Langbeinite is a unique source of plant nutrition, since three essential nutrients combine naturally into one mineral. It provides a readily available supply of Potassium (K), Magnesium (Mg) and Sulfur (S) to growing plants.

Production

A distinctive geological material, langbeinite exists in only a few locations in the world. Commercial supplies of langbeinite come from underground mines near Carlsbad, N.M., which were first commercially developed in the 1930s. These deposits formed millions of years ago, when a variety of salts, including langbeinite, were left behind after the evaporation of ancient ocean beds. These salt deposits were buried deep beneath hundreds of meters of sediment. The langbeinite deposit is currently mined with large boring machines, washed to remove impurities and then crushed to various particle sizes. Langbeinite is considered a potash (or K-containing) fertilizer, even though it also contains valuable Mg and S. Traces of iron oxide impurities give some langbeinite particles a reddish tint.


Nutrient-dense langbeinite is a popular fertilizer, especially where several nutrients are needed to provide adequate plant nutrition. Its advantage of having K, Mg and S all contained within each of its particles helps provide a uniform distribution of nutrients as farmers spread it through fields. Due to economics, agronomists don’t always recommend langbeinite to meet the entire K requirement of a crop. Instead, application rate may be based on the need for Mg, S, or both.

Langbeinite is water soluble, but dissolves slower than some other common K fertilizers because its particles are denser than other K sources. Therefore, it’s unsuitable for dissolving and applying through irrigation systems unless its finely ground. It has a neutral pH, and does not contribute to soil acidity or alkalinity. This differs from other common Mg sources such as dolomite, which will increase soil pH, and from elemental S or ammonium sulfate, which will lower the soil pH.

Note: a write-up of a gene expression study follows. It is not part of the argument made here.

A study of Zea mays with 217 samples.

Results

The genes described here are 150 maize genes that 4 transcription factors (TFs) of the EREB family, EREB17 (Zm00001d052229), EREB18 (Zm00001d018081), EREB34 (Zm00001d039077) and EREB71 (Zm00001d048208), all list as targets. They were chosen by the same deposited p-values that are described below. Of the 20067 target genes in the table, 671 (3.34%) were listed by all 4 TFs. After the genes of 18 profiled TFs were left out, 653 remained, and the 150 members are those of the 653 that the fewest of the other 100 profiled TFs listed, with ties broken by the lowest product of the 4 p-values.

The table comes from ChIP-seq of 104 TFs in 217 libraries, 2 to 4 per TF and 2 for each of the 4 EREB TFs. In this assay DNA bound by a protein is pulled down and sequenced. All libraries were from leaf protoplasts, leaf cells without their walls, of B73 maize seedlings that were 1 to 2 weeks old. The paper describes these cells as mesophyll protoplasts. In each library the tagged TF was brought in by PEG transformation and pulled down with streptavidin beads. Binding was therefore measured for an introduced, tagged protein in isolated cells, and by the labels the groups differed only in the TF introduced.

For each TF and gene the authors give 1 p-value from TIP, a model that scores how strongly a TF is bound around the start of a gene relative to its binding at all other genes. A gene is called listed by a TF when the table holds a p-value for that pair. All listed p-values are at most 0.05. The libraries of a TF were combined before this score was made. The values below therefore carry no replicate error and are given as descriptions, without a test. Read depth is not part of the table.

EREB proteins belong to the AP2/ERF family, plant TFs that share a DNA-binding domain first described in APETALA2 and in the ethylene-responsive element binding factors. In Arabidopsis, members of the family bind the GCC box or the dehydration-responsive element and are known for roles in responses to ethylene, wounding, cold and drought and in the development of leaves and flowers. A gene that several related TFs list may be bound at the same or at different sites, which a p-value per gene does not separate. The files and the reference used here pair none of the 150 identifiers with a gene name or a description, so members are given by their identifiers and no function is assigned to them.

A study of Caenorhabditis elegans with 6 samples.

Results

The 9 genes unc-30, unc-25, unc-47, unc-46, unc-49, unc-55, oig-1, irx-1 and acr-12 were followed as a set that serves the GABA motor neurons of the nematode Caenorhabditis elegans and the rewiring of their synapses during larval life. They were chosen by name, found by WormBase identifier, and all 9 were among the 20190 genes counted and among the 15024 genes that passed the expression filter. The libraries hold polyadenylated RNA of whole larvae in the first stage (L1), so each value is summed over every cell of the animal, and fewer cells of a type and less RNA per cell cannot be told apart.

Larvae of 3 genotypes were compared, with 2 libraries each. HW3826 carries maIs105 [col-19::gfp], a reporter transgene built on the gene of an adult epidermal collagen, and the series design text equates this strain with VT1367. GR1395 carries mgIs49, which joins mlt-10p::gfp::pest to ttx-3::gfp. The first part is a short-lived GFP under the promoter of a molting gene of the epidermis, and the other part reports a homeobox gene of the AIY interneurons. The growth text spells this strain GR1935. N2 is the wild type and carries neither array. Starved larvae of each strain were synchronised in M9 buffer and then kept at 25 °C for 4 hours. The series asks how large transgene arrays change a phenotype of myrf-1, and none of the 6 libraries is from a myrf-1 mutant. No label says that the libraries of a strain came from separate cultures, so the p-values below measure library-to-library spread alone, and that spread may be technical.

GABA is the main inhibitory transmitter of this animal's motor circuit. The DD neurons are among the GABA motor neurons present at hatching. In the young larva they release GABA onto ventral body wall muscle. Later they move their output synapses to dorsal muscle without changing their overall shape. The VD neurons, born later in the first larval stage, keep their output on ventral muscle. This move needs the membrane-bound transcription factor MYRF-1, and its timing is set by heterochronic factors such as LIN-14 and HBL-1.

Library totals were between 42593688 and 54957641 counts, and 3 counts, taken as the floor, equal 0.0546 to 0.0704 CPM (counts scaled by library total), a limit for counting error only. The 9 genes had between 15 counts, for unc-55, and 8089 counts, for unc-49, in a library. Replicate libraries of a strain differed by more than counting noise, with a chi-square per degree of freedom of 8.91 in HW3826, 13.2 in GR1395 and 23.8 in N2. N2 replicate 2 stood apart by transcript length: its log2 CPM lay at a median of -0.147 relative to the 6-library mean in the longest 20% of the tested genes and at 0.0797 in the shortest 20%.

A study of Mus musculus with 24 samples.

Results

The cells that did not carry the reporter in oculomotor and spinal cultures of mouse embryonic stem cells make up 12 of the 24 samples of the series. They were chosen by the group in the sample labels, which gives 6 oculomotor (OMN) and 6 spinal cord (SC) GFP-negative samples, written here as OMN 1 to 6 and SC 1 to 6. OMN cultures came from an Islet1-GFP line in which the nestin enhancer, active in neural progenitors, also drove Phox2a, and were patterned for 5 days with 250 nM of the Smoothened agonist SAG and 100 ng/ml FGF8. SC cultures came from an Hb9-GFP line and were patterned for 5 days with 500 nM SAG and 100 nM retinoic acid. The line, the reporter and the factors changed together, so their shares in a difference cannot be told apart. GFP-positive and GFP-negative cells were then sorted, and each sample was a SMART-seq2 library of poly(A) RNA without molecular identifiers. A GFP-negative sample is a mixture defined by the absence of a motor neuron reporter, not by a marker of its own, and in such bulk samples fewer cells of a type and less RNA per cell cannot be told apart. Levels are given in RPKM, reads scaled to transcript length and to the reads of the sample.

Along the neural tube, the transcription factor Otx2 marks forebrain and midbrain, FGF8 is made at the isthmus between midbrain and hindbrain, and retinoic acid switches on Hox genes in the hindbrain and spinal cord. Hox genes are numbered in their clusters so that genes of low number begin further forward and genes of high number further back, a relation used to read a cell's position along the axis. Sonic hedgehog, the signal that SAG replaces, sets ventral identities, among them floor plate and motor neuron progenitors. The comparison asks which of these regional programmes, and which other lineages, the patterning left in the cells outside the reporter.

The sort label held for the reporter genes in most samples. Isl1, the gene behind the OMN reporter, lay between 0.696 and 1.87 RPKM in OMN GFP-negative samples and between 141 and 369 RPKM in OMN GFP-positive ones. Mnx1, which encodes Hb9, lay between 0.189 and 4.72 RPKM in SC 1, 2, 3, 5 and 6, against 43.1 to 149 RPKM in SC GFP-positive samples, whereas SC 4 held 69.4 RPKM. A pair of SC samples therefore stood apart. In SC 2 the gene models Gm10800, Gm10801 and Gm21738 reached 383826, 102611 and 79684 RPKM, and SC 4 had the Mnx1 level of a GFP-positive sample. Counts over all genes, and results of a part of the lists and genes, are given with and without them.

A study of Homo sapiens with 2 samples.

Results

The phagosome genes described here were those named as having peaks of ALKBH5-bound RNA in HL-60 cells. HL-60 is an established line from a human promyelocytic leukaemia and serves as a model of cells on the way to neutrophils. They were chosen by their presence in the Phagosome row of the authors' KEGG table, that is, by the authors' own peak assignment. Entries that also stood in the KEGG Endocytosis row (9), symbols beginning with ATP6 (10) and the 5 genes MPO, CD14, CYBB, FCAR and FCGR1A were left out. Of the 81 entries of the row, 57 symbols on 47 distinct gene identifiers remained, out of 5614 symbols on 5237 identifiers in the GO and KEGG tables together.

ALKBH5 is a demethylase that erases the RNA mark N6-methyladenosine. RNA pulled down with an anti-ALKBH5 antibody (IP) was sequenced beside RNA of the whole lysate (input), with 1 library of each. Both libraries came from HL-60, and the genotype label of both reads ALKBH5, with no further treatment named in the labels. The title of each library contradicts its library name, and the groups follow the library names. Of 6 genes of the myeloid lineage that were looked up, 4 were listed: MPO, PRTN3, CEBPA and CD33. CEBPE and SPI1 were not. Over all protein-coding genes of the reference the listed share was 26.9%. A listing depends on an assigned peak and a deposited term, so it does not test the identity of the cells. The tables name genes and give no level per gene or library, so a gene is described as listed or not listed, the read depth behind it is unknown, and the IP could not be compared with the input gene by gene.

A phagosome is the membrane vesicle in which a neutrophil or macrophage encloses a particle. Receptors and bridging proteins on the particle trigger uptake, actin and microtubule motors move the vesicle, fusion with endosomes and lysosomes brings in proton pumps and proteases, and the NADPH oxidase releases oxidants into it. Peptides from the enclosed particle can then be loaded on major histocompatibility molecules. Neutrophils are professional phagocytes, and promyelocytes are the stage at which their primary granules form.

/potassiumsulfate-mine.jpg?v=1Growers frequently choose langbeinite in situations where a fertilizer free of chloride is desirable, such as with crops sensitive to it (like some vegetables and certain tree crops). Another of its qualities is its relatively low overall salt index. Particular sources of langbeinite have been certified for use in organic crop production in some countries.

Management practices

Langbeinite has no restrictions for environmental or nutritional use when applied at typical agronomic rates. One form of langbeinite is sold as a feed-grade dietary source of K, Mg and S for animals and poultry. All three of these nutrients are required for animal nutrition and each has a specific metabolic role required for optimal animal health. This feed material is “recognized as safe” by government agencies. As with all plant nutrients, best management practices should be observed to properly utilize this resource, including matching the correct-size fertilizer particle to the specific need.

Source: Nutrient Source Specifics (No. 16), International Plant Nutrition Institute.